Update: Ms. Kokorina was released after a six-hour detention by the Federal Security Bureau. The Committee to Protect Journalists reports she faces “anti-state charges” in connection with an October 2014 article allegedly calling for an end to the Russian takeover of Crimea.
FSB agents searched the homes of the parents of Kokorina and another CCIJ editor, Anna Andriyevskaya. In March 2014, as Russian troops poured into Crimea, masked gunmen broke into the CCIJ’s offices, prompting most of the staff to relocate to western Ukraine.
The Global Investigative Journalism Network joins OSCE Representative on Freedom of the Media Dunja Mijatović in calling for the immediate release of Natalya Kokorina, an editor with GIJN member Crimean Centre for Investigative Journalism. Ms. Kokorina was detained today by authorities in Crimea. As the OSCE’s Mijatovic wrote, “This detention is a reminder of the ongoing practice of the de facto authorities in Crimea to intimidate and persecute independent media representatives for their work.”
Below is the full statement from the OSCE:
VIENNA, 13 March 2015 – OSCE Representative on Freedom of the Media Dunja Mijatović condemned the intimidation of independent journalists in Crimea following the detention today of Natalya Kokorina, a journalist and editor with the news portal Crimean Centre for Investigative Journalism.
“This detention is a reminder of the ongoing practice of the de facto authorities in Crimea to intimidate and persecute independent media representatives for their work,” Mijatović said.
According to reports, Kokorina was detained by Federal Security Service agents that were searching her parents’ apartment in Simferopol. Kokorina was not allowed legal help during the search and detention, nor given reasons for these restrictive measures.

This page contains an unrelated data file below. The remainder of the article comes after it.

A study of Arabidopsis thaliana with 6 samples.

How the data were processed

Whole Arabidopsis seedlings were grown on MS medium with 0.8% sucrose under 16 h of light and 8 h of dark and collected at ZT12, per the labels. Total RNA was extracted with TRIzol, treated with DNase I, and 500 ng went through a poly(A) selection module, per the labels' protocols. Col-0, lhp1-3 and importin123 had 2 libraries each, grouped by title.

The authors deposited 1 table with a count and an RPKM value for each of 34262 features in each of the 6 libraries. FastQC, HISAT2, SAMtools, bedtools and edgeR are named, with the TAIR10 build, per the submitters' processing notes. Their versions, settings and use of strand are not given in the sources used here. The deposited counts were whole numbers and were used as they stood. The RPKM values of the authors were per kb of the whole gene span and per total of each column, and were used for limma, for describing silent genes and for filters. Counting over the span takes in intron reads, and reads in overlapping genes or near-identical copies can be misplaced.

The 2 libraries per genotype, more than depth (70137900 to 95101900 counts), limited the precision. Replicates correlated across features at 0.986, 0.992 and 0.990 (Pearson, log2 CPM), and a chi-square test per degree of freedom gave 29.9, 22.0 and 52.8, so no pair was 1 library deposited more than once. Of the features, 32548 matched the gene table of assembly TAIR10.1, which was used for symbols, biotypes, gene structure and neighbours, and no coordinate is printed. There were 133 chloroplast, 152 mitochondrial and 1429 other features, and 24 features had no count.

“I call on the de facto authorities in Crimea to immediately release Kokorina,” Mijatović said.
FSB agents also searched the apartment of the parents of Anna Andriyevskaya, the former editor of the news portal. The search was reportedly conducted in relation to one of Andriyevskaya’s articles published by the news portal. Her father’s computer was seized.
“The repression of free media and independent voices we witness in Crimea is nothing short of a fundamental violation of basic human rights,” Mijatović said.
The Representative’s statements on the media freedom situation in Crimea are available at www.osce.org/fom/143841.
The OSCE Representative on Freedom of the Media observes media developments in all 57 participating states of the Organization for Security and Co-operation in Europe. She provides early warning on violations of freedom of expression and media freedom and promotes full compliance with OSCE media freedom commitments. Learn more at www.osce.org/fom, Twitter: @OSCE_RFoM and on www.facebook.com/osce.rfom.